According to Commerce Secretary Wilbur Ross, the coronavirus which began in China and has cause 170 deaths (along 7,700 others being infected) is good news for the U.S. economy because it will help bring jobs back to the United States as companies seek to avoid infected areas.

During an appearance on Fox Business Thursday morning, Ross told host Maria Bartiromo:

“Every American’s heart goes out to the victims of the coronavirus, so I don’t want to talk about a victory lap over a very unfortunate and very malignant disease, but the fact is it does give businesses yet another thing to consider when they go through their review of their supply chain on top of all the other things. Because you had SARS, you had the African swine virus there, now you have this. It’s another risk factor that people need to take into account.”

He then added:

“I think it will help to accelerate the return of jobs to North America, some to U.S., probably some to Mexico, as well.”

The Washington Post notes that the Trump administration has been trying its best to be supportive of Chinese efforts to contain the coronavirus outbreak, but apparently Ross didn’t bother to read the memo suggesting that U.S. officials be sympathetic to the plight of those who have contracted the disease. And this isn’t the first time Ross has gone off the reservation:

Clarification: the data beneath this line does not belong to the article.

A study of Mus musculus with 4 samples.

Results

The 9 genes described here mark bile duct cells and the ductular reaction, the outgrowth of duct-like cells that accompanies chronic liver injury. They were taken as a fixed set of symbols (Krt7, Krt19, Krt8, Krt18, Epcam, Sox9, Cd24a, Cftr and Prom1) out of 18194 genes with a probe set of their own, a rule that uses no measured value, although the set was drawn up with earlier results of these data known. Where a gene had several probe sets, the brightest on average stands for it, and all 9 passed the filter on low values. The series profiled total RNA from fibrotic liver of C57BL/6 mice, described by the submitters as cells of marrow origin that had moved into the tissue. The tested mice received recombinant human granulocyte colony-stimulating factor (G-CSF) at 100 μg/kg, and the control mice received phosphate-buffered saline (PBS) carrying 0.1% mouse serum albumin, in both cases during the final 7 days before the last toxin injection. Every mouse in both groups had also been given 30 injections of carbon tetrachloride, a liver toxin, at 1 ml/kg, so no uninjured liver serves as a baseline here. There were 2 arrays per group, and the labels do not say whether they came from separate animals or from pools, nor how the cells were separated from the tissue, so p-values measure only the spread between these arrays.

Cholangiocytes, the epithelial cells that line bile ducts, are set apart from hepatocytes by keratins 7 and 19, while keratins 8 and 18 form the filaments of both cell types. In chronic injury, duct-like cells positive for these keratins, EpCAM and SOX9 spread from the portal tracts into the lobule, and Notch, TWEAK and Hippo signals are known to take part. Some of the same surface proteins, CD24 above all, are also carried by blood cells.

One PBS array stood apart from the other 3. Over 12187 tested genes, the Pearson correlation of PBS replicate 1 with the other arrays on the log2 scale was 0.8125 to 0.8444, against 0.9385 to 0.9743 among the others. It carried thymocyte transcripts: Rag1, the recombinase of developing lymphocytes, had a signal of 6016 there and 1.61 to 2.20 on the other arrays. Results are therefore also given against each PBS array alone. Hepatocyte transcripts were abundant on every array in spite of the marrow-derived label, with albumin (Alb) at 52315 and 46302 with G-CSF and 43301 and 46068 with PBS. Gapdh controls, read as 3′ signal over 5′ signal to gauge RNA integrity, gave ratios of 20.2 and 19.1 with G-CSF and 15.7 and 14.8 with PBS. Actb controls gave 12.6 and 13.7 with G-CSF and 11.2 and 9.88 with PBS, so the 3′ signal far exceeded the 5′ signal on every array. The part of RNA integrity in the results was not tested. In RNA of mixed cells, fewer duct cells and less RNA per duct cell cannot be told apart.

“Ross has a history of breaking with the White House’s messaging. During the shutdown last year, when the White House was under extreme pressure because some federal workers were going to food banks, Ross suggested they consider taking out loans from credit unions in order to pay their bills.”

What Secretary Ross failed to factor into his calculation that the virus will be good for Americans is that if the Chinese economy takes a major economic hit, the ripples of that downturn will impact across the globe, including the U.S. The stock market has already been affected:

“Global markets also fell sharply on Thursday. China’s markets remain closed for the extended Lunar New Year holiday, but Hong Kong’s Hang Seng Index slumped more than 2.5 percent, and Japan’s Nikkei declined 1.7 percent. Dow Jones industrial average futures were slated to drop more than 220 points at the open.”

Before Ross takes his premature victory lap, he might want to do some research on the matter.